The seafood at Joe’s Crab Shack is, well, swimming in artificial trans fat, according to the Center for Science in the Public Interest.
The watchdog group on Wednesday called on the national chain to stop using a partially hydrogenated margarine-butter blend that it says appears to be responsible for dangerously high levels of trans fat in the food it serves.
Joe’s Crab Shack has area locations in Independence and Olathe.
The CSPI also once again called for the U.S. Food and Drug Administration to prohibit the use of partially hydrogenated oils altogether. In November, the FDA moved to virtually eliminate trans fat, an artificially created artery-clogging substance, from Americans' diets.
In one example cited by CSPI, Joe’s Pasta-laya, described as “shrimp and andouille sausage cooked in a garlic butter sauce full of mushrooms, bell peppers, tomatoes and onions served over penne pasta,” has 14 grams of trans fat, or what CSPI said was roughly the American Heart Association’s recommended limit for a week. That dish also serves up 24 grams of saturated fat, or more than a day’s worth, CSPI said.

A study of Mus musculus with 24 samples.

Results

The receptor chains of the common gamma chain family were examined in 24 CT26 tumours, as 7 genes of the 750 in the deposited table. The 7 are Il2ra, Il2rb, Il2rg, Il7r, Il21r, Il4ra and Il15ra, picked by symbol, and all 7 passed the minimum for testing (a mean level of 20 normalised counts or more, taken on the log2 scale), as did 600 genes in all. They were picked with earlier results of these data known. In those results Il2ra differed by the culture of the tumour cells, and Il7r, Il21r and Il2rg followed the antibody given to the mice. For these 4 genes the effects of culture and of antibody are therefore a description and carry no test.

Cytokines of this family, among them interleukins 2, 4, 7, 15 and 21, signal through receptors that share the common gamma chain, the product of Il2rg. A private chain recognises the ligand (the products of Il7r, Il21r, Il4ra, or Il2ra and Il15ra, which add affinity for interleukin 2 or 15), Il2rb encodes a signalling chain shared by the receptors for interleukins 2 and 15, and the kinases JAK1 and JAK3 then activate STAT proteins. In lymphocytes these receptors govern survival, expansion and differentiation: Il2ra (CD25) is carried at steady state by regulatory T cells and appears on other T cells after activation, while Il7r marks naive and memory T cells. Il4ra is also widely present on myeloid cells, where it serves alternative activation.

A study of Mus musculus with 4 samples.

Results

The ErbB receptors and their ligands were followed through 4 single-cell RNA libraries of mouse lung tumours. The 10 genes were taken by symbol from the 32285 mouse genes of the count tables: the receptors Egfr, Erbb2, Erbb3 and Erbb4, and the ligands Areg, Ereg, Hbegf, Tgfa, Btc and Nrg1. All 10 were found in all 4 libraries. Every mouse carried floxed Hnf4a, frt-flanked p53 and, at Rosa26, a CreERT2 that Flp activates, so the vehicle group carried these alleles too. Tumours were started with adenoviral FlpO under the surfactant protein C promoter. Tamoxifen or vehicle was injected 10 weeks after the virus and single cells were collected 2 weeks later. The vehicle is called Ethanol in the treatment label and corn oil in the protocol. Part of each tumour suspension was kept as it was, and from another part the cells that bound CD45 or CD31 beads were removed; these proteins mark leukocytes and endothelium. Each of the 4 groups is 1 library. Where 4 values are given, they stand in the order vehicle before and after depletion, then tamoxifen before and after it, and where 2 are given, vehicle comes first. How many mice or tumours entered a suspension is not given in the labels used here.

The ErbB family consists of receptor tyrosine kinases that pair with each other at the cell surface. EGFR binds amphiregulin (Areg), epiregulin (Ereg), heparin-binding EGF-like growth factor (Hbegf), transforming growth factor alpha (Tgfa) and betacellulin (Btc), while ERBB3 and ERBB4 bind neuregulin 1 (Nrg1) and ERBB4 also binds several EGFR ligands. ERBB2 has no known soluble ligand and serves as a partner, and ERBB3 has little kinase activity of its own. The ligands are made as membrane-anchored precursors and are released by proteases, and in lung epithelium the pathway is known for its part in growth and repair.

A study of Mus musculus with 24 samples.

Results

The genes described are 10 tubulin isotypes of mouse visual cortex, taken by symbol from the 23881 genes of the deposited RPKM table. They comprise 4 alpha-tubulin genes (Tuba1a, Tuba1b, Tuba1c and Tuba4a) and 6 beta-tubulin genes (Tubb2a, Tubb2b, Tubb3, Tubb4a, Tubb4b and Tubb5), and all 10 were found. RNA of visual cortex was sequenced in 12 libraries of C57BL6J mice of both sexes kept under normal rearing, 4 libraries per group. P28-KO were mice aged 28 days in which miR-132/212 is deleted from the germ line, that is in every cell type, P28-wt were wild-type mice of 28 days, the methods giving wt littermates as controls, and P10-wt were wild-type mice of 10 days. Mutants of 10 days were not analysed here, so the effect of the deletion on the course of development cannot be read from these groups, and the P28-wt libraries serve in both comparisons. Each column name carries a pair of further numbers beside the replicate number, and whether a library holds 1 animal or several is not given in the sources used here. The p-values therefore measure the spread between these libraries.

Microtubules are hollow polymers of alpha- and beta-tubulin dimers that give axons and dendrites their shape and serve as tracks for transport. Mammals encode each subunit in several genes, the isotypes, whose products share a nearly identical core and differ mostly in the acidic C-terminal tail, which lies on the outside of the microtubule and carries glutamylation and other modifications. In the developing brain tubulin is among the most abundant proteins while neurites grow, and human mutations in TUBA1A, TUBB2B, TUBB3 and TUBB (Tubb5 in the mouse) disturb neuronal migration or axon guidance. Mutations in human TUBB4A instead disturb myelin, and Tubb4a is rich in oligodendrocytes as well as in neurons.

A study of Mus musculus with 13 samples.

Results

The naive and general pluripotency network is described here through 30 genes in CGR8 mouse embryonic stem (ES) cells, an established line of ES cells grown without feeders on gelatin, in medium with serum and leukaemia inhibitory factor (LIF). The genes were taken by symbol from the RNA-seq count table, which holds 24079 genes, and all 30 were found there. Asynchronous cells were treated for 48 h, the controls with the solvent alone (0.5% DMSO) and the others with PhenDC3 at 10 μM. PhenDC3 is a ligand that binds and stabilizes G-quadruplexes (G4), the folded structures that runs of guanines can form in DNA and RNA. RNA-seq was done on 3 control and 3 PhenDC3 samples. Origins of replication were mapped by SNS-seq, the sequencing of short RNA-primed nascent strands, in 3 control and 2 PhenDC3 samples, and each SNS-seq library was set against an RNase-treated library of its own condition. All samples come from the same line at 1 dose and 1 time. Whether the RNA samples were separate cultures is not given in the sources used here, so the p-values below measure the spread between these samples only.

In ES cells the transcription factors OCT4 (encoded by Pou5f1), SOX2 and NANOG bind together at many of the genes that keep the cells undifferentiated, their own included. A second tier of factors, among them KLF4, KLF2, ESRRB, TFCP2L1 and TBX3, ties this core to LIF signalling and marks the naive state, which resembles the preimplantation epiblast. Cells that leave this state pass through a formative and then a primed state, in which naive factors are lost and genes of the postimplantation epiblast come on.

“Joe’s Crab Shack is a nutritional shipwreck of a restaurant chain, ruining expensive seafood with cheap, industrially produced trans fat designed to simulate butter,” CSPI Executive Director Michael Jacobson said in a statement. “Until the company fixes the problem and switches to a healthier substitute, eat at Joe’s at your own risk -- an increased risk of heart disease and premature death.”
Representatives for Joe’s Crab Shack could not be immediately reached on Wednesday morning. The chain actually announced a plan to eliminate trans fat back in 2007, according to apress release
that CSPI pointed out on Wednesday.
However, CSPI said that one of its nutritionists recently photographed the label of the margarine used at one of the company’s Maryland locations, which shows that the product contains 3.5 grams of trans fat per tablespoon.
The FDA believes that further reduction in the amount of trans fat in Americans' diets could prevent 20,000 heart attacks and 7,000 deaths a year.
It has required that nutritional labels break out trans fat content since 2006, and many restaurant chains and food companies have been changed their recipes as a result.
Following its announcement in November, the agency’s review period to collect additional data on the topic ran through early March. Any ban was expected to come as a gradual process with full compliance expected within a few years.